Published on January 17, 2018
President Trump and Republican House and Senate leaders deserve credit for enacting the 2017 tax reform. But the specifics of that law indicate that it won’t have positive economic or political results to match President Ronald Reagan’s 1981 and 1986 tax reform bills or the Kennedy administration tax cuts of 1964-1965.
To understand why, we must grasp the economics and politics of taxation. Both go back at least to Aristotle in the 4th century B.C.
The first economic fact is that everyone’s income originates from two sources of wealth: people and property (or as Nobel laureate Theodore Schultz dubbed them around 1960, “human capital” and “nonhuman capital”). As a result, our gross income (before taxes and social benefits) entirely comprises labor compensation (wages, salaries, fringe benefits) and property compensation (interest, dividends, rents, royalties, capital gains). But we receive this labor and property income in different proportions, and these different proportions tend to determine our party affiliation and voting habits.
When discussing differences among governments, Aristotle concluded that the “real criterion should be property,” because “it is a matter of accident whether those in power be few or many, the one in oligarchies, the other in democracies. It just happens that way because everywhere the rich are few and the poor are many.”
James Madison extended Aristotle’s reasoning when he argued in Federalist No. 10: “From the protection of the different and unequal faculties of acquiring property, possession of different degrees and kinds of property immediately results; and from the influence of these on the sentiments and views of the respective proprietors, ensues a division of the society into different interests and parties.” Hence “the most common and durable source of factions has been the various and unequal distribution of property.”
As the first chart shows, generally speaking, voters who identify themselves as Democrats disproportionately receive labor compensation, and those who identify themselves as Republicans disproportionately receive property compensation, while independent voters fall in between. This pattern has existed as far back as we have data on income and voting. (The voter data come from the biannual American National Election Studies, and the income data from the U.S. Treasury. By focusing on income taxes, we leave aside federal social insurance, which follows a different economic and political logic, and was mostly ignored by the 2017 tax reform.)
The economics and politics of taxation help explain the yo-yo pattern of top marginal income tax rates and the share paid by the top 1 percent of taxpayers, as reflected in the second chart. All major hikes in top marginal income tax rates have occurred under Democratic presidents (notably Woodrow Wilson, Franklin D. Roosevelt, Bill Clinton, and Barack Obama), while significant reductions occurred mostly under Republican presidents (Warren G. Harding, Calvin Coolidge, Reagan, George W. Bush, and Trump). The major Democratic Party exception was John F. Kennedy, whose plan cut top tax rates from 91 percent to 70 percent, and, among Republicans, the exceptions were Presidents Richard Nixon and George H.W. Bush (both were defeated or resigned).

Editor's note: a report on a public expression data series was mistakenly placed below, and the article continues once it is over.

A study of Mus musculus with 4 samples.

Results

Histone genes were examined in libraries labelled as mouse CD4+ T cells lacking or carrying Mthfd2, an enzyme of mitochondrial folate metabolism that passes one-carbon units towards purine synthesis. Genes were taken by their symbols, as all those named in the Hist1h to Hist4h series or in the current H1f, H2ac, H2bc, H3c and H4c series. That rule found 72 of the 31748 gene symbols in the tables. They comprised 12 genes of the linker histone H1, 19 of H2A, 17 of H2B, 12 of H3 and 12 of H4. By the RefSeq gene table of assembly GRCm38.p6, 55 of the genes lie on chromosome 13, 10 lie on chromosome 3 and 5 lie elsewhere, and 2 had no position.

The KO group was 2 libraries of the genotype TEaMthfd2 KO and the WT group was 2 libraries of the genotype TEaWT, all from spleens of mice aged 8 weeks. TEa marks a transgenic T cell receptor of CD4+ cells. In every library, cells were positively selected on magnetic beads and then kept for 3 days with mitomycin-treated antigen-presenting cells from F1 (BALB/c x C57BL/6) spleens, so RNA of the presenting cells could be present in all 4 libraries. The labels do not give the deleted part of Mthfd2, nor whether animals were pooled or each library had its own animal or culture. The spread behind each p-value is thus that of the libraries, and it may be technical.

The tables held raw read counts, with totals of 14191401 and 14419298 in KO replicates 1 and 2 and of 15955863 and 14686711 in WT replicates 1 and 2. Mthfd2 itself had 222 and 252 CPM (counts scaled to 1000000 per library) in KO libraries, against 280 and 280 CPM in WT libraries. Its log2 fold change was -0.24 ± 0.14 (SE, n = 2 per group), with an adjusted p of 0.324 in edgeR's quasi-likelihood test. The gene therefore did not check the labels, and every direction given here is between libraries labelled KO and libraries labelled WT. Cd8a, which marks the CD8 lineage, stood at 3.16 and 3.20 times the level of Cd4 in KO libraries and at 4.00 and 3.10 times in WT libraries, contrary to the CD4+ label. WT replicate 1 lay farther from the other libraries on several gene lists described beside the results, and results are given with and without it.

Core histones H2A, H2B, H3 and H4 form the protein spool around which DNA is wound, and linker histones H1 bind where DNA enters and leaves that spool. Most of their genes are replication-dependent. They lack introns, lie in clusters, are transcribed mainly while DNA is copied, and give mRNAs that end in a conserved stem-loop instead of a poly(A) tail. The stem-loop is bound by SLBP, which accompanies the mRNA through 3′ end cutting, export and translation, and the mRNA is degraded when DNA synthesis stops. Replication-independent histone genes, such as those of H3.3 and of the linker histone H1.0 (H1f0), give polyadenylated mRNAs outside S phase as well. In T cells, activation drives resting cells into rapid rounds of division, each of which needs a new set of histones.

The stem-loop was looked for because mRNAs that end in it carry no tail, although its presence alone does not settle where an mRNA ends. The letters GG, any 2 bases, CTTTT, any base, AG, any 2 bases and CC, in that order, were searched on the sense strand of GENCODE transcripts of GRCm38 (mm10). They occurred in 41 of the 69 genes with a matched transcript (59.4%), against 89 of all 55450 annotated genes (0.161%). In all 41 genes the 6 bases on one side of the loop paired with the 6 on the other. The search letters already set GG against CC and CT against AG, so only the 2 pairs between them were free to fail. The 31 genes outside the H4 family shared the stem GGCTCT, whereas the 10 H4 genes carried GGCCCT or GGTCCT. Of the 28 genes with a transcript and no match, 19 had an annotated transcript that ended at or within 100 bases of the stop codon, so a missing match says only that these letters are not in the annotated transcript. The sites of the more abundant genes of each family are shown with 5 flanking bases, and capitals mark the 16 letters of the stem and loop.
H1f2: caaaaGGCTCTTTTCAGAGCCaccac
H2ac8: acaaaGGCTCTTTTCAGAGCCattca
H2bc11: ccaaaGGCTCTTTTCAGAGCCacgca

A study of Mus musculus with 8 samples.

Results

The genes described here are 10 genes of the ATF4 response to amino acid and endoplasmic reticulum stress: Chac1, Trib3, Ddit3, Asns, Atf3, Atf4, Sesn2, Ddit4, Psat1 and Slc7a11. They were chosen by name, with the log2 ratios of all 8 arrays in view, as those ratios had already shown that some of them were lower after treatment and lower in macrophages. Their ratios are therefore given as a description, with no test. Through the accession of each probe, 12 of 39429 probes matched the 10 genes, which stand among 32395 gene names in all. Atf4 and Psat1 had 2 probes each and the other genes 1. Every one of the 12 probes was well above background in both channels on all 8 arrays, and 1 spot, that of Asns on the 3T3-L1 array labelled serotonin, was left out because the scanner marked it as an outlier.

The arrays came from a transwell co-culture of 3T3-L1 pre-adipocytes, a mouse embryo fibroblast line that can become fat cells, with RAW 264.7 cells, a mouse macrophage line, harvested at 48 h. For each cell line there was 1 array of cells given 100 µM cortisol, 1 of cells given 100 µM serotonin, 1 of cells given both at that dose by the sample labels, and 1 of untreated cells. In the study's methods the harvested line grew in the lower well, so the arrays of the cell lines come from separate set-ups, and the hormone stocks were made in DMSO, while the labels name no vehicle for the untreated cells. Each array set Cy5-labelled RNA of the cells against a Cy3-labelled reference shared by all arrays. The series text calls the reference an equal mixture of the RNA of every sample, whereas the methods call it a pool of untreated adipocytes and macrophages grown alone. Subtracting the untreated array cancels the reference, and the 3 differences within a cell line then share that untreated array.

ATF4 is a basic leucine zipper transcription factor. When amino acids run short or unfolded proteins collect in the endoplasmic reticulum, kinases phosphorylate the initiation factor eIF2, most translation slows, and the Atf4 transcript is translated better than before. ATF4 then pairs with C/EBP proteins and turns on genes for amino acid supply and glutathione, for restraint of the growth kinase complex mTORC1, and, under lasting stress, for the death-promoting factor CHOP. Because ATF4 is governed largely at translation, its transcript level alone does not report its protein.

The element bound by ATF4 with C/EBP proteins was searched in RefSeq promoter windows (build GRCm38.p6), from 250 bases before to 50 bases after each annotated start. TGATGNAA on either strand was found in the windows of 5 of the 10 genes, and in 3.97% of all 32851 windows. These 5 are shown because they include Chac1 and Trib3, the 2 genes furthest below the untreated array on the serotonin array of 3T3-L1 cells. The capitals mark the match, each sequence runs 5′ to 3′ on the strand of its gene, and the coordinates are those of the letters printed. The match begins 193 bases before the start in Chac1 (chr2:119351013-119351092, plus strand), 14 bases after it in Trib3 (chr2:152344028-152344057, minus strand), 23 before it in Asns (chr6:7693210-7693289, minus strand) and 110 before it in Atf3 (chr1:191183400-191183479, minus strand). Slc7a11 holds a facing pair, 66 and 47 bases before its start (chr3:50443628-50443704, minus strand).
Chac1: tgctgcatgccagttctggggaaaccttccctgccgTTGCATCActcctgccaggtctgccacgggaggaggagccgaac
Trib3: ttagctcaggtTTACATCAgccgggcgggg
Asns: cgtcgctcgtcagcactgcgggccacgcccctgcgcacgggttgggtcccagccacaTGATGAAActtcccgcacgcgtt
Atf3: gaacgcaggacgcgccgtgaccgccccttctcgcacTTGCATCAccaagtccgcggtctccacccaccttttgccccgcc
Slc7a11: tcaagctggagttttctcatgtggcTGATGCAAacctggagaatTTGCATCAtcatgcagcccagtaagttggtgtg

These same facts also contradict the economic orthodoxy on taxation of both liberal Democrats and conservative Republicans.
On one hand, liberal Democrats’ politics of envy — seeking to reduce the share of income received by the top 1 percent — is politically self-defeating, because every major change in top income tax rates coincided with proportional inverse moves in the share of tax paid by the top 1 percent. This implies that there is a Laffer Curve for the top 1 percent, but not the top 50 percent or 25 percent, or perhaps even the top 10 percent of taxpayers.
On the other hand, the facts show that the reductions in top marginal income tax rates have done all the heavy lifting. When these are accounted for, reductions in tax rates on corporate income and capital gains have actually reduced the shares paid by the top 1 percent. This explains why the Reagan tax reforms were enacted only with the support of so-called “Reagan Democrats” in Congress, while not a single Democrat voted for the 2017 tax reform.
The major difference between the Reagan and Trump tax reforms is that while Reagan’s reforms cut the top marginal income tax rate from 70 percent to 28 percent (to 33 percent including deduction phaseouts), they also equalized the top tax rates on all labor and property income. The 2017 tax reform cut the top personal income tax rate only slightly, while keeping the top tax rates on labor income substantially higher than on property income: the so-called “Warren Buffet’s secretary problem.”
Having participated in the successful Reagan tax reforms of 1981 and 1986, I was, relatively speaking, an optimist about the prospects for tax reform in 2017. When pessimists claimed a year ago that tax reform was dead, I argued that a tax reform bill would be enacted by Congress, a judgment that proved correct. But that same experience now suggests that the 2017 tax reform will have much smaller positive economic and political results — roughly in proportion to the much smaller reductions in the top marginal tax rates and failure to equalize the tax treatment of Main Street and Wall Street.
John D. Mueller is the Lehrman Institute Fellow in Economics at the Ethics and Public Policy Center and author of Redeeming Economics: Rediscovering the Missing Element. From 1979 until 1988 he was staff economist to the House Republican Conference, of which Rep. Jack Kemp of New York was chairman.